Liverpool City Region’s leading engineering skills college has launched Merseyside’s first industrial welding centre approved by global organisation The Welding Institute (TWI).
Birkenhead’s Engineering College, which recently unveiled a £500,000 refurbishment and rebrand opens the doors of its new welding centre this week, after a special joint industry seminar held with TWI.
Engineering College CEO, Terry Weston said the centre will enable new apprentices and professional welders to secure ‘in demand’ industrial welding qualifications authorised by the TWI, greatly improving employment opportunities.
It will be the first TWI approved industrial welding qualification to be offered on Merseyside meaning students will no longer have to travel to Manchester and further afield in search of training.
“We have always offered welding courses,” said Mr Weston. “However, due to a systematic change in the way apprenticeships are structured, now largely being created and informed by industry rather than standards agencies, we have witnessed a shift in demand towards industrial welding qualifications. The commercial welding courses have also become more rigorous with more challenging end assessments, placing greater demand on training facilities. The college has been working with TWI for some time in a bid to develop facilities which would meet the institute’s high approval rating. In line with a series of other positive developments at the college in recent months we are proud to officially open our new TWI approved welding centre for learners across the region.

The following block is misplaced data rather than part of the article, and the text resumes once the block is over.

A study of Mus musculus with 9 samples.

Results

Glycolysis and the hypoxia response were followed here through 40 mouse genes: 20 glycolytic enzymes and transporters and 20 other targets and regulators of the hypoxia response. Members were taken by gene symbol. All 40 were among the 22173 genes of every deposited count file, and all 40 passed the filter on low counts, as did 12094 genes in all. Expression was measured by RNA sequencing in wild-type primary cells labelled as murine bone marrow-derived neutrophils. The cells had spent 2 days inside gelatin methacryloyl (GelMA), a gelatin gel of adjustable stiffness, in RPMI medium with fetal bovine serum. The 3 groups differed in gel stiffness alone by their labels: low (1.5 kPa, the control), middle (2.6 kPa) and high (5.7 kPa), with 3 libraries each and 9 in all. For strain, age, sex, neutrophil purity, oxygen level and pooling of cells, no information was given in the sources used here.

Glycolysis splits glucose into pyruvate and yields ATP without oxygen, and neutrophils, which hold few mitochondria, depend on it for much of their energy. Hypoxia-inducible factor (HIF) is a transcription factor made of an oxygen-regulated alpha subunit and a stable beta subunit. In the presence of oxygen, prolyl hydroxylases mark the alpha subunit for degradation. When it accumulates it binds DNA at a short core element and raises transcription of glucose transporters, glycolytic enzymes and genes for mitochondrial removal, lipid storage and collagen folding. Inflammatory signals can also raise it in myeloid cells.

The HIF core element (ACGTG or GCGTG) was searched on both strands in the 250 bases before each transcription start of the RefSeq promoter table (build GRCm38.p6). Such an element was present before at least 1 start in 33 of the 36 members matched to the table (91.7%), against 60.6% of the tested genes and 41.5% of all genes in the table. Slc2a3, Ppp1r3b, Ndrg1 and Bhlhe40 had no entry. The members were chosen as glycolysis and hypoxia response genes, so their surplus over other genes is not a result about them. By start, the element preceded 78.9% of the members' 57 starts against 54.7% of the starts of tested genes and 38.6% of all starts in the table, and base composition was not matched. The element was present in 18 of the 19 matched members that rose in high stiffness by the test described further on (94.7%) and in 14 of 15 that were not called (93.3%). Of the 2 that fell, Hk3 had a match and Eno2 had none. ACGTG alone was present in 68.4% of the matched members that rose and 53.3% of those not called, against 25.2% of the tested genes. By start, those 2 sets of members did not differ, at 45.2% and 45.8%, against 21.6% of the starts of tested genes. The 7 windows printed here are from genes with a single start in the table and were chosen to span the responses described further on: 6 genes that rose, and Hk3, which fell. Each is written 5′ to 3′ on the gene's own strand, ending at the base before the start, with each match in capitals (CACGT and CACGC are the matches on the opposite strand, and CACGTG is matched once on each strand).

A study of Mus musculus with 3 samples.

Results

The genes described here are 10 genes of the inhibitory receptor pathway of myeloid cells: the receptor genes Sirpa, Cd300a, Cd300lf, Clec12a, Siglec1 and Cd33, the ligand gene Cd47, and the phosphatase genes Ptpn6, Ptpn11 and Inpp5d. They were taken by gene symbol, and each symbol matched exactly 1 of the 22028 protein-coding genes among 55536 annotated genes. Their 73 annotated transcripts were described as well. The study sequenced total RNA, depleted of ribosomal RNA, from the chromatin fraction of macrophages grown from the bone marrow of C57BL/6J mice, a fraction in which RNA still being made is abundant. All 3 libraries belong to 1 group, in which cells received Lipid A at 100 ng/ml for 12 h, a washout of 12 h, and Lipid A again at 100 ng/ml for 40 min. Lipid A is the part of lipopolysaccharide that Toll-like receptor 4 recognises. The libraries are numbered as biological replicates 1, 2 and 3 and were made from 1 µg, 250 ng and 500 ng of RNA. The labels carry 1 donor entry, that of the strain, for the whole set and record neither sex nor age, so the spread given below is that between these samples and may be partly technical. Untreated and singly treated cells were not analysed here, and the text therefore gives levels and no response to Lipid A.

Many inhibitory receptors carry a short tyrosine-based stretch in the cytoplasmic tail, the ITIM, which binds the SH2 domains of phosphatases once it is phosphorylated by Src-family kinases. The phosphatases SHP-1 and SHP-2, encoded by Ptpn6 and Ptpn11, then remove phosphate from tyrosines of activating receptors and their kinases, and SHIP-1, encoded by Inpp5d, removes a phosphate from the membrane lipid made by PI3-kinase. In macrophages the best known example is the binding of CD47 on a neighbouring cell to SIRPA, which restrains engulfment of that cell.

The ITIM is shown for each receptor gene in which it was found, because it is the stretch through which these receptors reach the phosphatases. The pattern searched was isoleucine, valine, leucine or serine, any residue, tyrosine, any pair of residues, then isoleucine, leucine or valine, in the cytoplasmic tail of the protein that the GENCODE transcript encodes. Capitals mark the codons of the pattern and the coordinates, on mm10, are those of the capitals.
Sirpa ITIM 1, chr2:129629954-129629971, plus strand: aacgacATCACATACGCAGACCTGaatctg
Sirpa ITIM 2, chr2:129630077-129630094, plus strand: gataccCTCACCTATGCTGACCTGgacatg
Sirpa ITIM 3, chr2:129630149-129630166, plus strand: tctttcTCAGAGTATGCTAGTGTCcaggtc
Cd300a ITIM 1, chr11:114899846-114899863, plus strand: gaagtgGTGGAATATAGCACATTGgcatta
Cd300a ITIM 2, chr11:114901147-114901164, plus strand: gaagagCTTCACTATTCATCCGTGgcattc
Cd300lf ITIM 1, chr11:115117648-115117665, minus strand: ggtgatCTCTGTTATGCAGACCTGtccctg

Mr Weston said the welding centre will have its own separate closed-off space within the college’s large 6,500m2 training base.
“We will offer a range of courses from introductions to welding to more advanced certifications and codings,” he said. “While this offering is likely to attract many new recruits into the welding trade, it is also aimed at experienced welders who may want to boost their existing qualifications. For instance, many welders will have City & Guilds accreditations but now require industrial standards to open up greater employment prospects. Furthermore, the global reputation of the TWI accreditation is a draw for international firms and overseas engineers looking for universally recognised approvals.”
The Engineering College works with more than 90 clients, ranging from large private businesses to SMEs, and currently has around 330 apprentices in training. It delivers courses within 11 key sectors including construction, nuclear, petrochemical, renewables, maritime, oil and gas and the NHS.
Mr Weston said a new partnership with an Ellesmere Port based welding company has further boosted facilities, with specialist welding kit transferred to the Monks Ferry site.
“We have partnered with the Ellesmere Port firm to bring in six welding sets to carry out non-destructive testing,” he said. “This arrangement works extremely well as we have plenty of space to store the kit and create training bays enabling the firm to make full use of its equipment for its own training purposes. In turn college students benefit from using the equipment as well as tapping into the firm’s first-hand industry knowledge, expertise and advice.
“We are very keen to extend this collaborative model and openly welcome other firms who may have ideas to work together for mutual benefit. We are passionate about integrating our training with local industry across the Liverpool City Region and pooling resources to stimulate increased learning opportunities and business growth.”